Virginia Highway Safety Office News ReleasesFOR IMMEDIATE RELEASE
Friday, October 24, 2014
Media Contact: Brandy Brubaker
Department of Motor Vehicles
Watch Out for Drunk Drivers on the Roadways This Halloween
Best Defense is to Buckle Up
RICHMOND - This Halloween, the Virginia Department of Motor Vehicles (DMV) is reminding motorists to be on the lookout for trick-or-treaters and drunk drivers.
To protect yourself from intoxicated motorists, always wear your seatbelt.
"Since Halloween falls on a Friday this year, we anticipate that more drunk drivers will take to the roads on their way home from parties and other festivities,""said DMV Commissioner Richard D. Holcomb, the Governor's Highway Safety Representative. "Always buckle your seatbelt and make sure your passengers are properly secured. That is your best defense against drunk drivers. If you plan to drink, select a non-drinking driver or arrange for a taxi to pick you up. Don't risk your life or someone else's."
According to the National Highway Traffic Safety Administration (NHTSA), from 2008-2012, about half of all crash fatalities on Halloween night involved a drunk driver or motorcycle operator. During that five-year period, 166 people were killed in drunk-driving crashes on Halloween night nationwide.
In Virginia, there were 862 crashes, resulting in three fatalities and 448 injuries from Oct. 31-Nov. 1, 2013. Forty-four of the crashes and 24 of the injuries were alcohol-related.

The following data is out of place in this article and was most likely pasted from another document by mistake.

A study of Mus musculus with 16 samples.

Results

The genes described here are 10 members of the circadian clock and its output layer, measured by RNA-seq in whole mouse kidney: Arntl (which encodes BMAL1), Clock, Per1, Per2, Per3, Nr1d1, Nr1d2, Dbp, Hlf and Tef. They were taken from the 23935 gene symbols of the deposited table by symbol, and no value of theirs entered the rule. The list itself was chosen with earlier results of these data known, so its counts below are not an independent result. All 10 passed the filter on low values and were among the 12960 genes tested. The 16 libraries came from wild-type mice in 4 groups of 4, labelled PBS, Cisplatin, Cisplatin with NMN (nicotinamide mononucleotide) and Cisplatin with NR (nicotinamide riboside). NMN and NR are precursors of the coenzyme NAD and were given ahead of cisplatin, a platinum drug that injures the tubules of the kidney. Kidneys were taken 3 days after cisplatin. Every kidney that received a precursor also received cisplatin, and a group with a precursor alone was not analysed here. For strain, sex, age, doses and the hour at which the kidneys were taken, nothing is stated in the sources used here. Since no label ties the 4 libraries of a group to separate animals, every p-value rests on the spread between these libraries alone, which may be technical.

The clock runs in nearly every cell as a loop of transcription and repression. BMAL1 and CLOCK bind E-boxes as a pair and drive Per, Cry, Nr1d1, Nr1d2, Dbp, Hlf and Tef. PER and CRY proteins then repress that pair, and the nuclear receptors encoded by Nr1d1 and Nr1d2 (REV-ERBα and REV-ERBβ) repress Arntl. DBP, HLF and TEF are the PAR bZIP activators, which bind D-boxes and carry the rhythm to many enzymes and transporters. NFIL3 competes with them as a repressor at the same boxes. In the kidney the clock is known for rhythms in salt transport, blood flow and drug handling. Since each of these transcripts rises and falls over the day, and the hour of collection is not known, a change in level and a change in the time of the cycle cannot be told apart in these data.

Those who will be heading out on foot on Halloween also need to use caution. Parents and caregivers should have a discussion with children about pedestrian safety before going trick-or-treating.
Here are a few tips to stay safe while driving or trick-or-treating on Halloween:
- Motorists should enter and exit driveways slowly and carefully in case trick-or-treaters are walking through the neighborhood.
- Avoid passing other vehicles since they could be slowing down for trick-or-treaters.
- Be on the lookout for children darting out between vehicles.
- Remind children not to assume the right of way when crossing the street. Just because one car stops doesn't mean others will.
- Tell children to walk from house to house, rather than running.
- Stick to the sidewalk, instead of walking on the street. If there is no sidewalk, walk beside the road, facing traffic to increase visibility.
- Map out a trick-or-treat route before leaving the house. Avoid busy, high-speed streets and multi-lane roads. Plan where you'll cross the street.
- Attach reflective tape to costumes or candy bags and give each child a flashlight to make them easier for drivers to see.
- Keep costumes short enough to prevent children from tripping and falling. Make sure they can see clearly through masks.